In its second season, Vernon Chatman and John Lee’s kid-show parody/avant-garde mindfuck Wonder Showzen didn’t just go out with a bang, it damn near committed highly public suicide, after salting the earth to ensure that nothing could ever grow in its place. When you’ve smuggled a Molotov cocktail of heresy, provocation, vicious satire, and flagrant puppetry onto MTV2, then taken the unholy result to places never dreamed possible on basic cable, what do you do for a follow-up? If you’re Chatman and Lee, you create a furry, deluded New Age spiritual guru with a beak for a nose, a snake for a right arm, the space-cadet vocal inflections of Keanu Reeves, and a gift for delivering nonsensical aphorisms, then send him on a spiritual quest to find his father’s killer and/or the meaning of life.

Animated in the herky-jerky, intentionally clumsy style of a bad videogame, Xavier: Renegade Angel follows its hapless protagonist as he journeys across the land seeking to help people in need. Alas, Xavier’s good intentions invariably go astray, and he ends up injuring, traumatizing, and even killing the people he sets out to help. When he spies a woman who favors one child over others, for example, he decides to abscond with the children so they won’t know the pain of ending up on the losing side of favoritism. Then his snake arm greedily devours them all. Sometimes Xavier doesn’t even boast the fig leaf of good intentions; he tries to be a hero and a shaman, but his ego and insecurities usually get in the way.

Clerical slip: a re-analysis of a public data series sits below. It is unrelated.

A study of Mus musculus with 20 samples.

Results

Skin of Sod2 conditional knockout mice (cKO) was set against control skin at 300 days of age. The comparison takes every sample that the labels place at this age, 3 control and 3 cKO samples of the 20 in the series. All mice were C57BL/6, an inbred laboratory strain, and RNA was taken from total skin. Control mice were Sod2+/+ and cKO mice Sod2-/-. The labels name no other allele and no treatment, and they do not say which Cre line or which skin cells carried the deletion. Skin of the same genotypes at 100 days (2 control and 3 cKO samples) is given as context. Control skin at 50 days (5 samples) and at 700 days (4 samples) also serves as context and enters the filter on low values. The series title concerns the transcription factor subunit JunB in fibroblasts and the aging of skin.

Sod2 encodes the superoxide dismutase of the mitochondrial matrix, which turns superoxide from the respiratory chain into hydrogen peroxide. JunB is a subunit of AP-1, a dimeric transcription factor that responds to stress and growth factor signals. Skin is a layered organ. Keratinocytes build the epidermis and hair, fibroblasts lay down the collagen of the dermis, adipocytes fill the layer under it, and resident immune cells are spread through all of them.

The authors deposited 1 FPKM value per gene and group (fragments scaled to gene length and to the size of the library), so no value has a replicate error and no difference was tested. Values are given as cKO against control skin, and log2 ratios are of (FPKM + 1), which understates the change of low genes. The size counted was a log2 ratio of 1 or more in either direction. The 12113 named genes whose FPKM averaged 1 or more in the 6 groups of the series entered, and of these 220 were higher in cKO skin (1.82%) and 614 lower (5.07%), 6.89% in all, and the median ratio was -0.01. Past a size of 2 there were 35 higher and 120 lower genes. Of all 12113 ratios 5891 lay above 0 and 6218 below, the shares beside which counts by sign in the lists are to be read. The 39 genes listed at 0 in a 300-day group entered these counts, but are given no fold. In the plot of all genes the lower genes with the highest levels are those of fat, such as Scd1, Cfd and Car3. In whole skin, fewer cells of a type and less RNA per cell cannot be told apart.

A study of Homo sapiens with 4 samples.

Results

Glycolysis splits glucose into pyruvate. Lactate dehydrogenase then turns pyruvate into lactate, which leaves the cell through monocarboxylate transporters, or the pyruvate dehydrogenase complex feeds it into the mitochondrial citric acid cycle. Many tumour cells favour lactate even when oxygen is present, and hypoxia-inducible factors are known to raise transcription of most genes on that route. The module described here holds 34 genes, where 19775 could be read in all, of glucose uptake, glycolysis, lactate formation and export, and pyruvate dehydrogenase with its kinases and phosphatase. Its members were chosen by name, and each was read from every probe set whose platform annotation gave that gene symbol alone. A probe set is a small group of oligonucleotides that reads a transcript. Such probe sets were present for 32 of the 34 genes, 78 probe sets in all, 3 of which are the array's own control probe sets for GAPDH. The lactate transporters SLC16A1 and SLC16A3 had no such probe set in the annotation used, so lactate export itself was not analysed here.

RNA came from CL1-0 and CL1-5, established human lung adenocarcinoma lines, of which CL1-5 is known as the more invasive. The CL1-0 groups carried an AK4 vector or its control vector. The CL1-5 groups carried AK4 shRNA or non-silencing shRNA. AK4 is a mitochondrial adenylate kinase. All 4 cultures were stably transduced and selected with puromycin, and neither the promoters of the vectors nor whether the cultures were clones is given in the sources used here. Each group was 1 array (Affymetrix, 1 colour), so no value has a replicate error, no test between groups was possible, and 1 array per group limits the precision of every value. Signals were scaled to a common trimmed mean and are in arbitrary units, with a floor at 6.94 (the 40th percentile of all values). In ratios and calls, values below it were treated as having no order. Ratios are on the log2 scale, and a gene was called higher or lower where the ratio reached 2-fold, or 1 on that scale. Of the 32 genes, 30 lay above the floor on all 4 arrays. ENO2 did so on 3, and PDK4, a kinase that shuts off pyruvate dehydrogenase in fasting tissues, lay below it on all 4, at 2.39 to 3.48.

Xavier episodes often begin with an inspired premise, like a Christian Science “surgeon” whose brilliant, wheelchair-bound son performs his father’s “operations” through a series of invisible pulleys and levers; they then veer off into increasingly bizarre, non-linear directions until the curious anti-hero zips away for his next adventure, leaving behind a surrealist trail of destruction in his wake. Xavier boasts incredible comic density, packing every 15-minute episode with a giddy abundance of gags, ideas, and banter delivered at a rapid-fire clip. Even by Adult Swim standards, it’s exceedingly strange, but also seldom weird for the sake of being weird. There’s solid comic craftsmanship lurking behind all the taboo-shattering. Like Wonder Showzen, Xavier: Renegade Angel often feels like a bad acid trip, which is exactly what its creators seem to be going for.

Key features: Fan commentaries and something called “Xaviercise.”